Commissioner to Examine Calgary Police Service’s Use of New Technologies

November 5, 2014

Information and Privacy Commissioner Jill Clayton has initiated an investigation of the Calgary Police Service’s (CPS) use of body-worn cameras and facial recognition software.

Commissioner Clayton is investigating whether the use of these new technologies by the CPS is in compliance with the Freedom of Information and Protection of Privacy Act (the FOIP Act). The overall objectives of the investigation are to:

  • Develop an understanding of how and why the CPS will use these technologies;
  • Examine the management of personal information in the application of these technologies;
  • Review the security arrangements that the CPS has taken to protect personal information against such risks as unauthorized access, collection, use, disclosure and destruction; and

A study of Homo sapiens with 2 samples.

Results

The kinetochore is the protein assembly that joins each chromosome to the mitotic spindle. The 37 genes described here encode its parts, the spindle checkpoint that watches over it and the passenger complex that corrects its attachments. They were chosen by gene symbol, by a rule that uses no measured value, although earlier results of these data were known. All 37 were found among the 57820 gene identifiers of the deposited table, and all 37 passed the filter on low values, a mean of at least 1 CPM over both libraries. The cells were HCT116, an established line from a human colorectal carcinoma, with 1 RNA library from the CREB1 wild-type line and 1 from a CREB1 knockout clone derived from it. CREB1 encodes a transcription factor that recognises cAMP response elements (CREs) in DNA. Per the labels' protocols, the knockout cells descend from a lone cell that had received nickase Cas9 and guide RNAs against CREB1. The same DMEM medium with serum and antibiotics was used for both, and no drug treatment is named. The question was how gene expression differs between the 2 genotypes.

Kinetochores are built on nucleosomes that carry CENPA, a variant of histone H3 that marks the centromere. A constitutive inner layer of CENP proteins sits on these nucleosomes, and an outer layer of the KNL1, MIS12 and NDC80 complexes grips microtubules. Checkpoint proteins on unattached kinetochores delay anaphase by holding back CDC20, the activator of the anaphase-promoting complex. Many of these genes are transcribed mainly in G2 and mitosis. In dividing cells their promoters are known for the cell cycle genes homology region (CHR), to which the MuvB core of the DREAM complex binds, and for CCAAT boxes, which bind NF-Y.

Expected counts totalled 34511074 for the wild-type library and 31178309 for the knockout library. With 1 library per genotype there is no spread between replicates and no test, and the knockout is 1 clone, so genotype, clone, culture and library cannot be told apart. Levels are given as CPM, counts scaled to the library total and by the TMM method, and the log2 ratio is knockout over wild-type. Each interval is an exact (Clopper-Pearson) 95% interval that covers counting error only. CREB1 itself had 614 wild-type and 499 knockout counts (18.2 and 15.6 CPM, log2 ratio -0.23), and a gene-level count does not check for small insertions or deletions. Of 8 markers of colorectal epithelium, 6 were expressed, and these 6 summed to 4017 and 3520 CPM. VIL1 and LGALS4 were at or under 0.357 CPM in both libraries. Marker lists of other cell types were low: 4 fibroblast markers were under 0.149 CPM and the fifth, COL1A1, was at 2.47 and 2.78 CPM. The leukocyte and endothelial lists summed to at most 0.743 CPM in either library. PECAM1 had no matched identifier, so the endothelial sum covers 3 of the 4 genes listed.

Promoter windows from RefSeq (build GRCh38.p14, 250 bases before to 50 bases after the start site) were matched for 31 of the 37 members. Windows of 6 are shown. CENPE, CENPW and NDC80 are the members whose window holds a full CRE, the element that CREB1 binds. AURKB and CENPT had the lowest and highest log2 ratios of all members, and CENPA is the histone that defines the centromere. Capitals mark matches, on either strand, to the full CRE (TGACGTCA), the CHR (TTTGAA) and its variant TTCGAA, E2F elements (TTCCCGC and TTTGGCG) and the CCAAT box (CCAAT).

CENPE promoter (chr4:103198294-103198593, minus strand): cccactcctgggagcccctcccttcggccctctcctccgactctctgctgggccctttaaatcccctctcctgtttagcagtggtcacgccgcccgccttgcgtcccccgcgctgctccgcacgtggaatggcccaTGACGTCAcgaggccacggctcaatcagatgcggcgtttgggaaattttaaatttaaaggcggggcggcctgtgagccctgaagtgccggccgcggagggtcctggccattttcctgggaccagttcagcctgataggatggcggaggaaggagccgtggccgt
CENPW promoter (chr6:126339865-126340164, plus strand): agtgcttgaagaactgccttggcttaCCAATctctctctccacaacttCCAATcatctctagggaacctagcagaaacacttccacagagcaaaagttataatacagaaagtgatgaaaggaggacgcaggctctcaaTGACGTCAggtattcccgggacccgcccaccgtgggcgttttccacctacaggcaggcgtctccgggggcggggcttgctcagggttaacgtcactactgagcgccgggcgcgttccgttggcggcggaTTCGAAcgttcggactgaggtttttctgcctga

• Make recommendations, if required, to ensure that the CPS is in accordance with the provisions of the FOIP Act.

“Police agencies have broad authority under the FOIP Act to collect, use and disclose personal information for law enforcement purposes. But I have questions regarding how CPS is implementing these technologies, and specifically what steps have been taken to ensure privacy and security risks have been identified and addressed” said Clayton.

In a letter dated October 2, 2014 regarding the use of body-worn cameras, the Commissioner urged the CPS to complete a privacy impact assessment (PIA) and an access impact assessment (AIA), and to submit those assessments to the OIPC for review and comment before rolling-out the new technology. Although not mandatory under the FOIP Act, submission of a PIA or AIA is a highly recommended practice for public bodies subject to the FOIP Act. To date, the Commissioner has not received any information from CPS about either initiative.

Results of the investigation report and potential recommendations will be made public.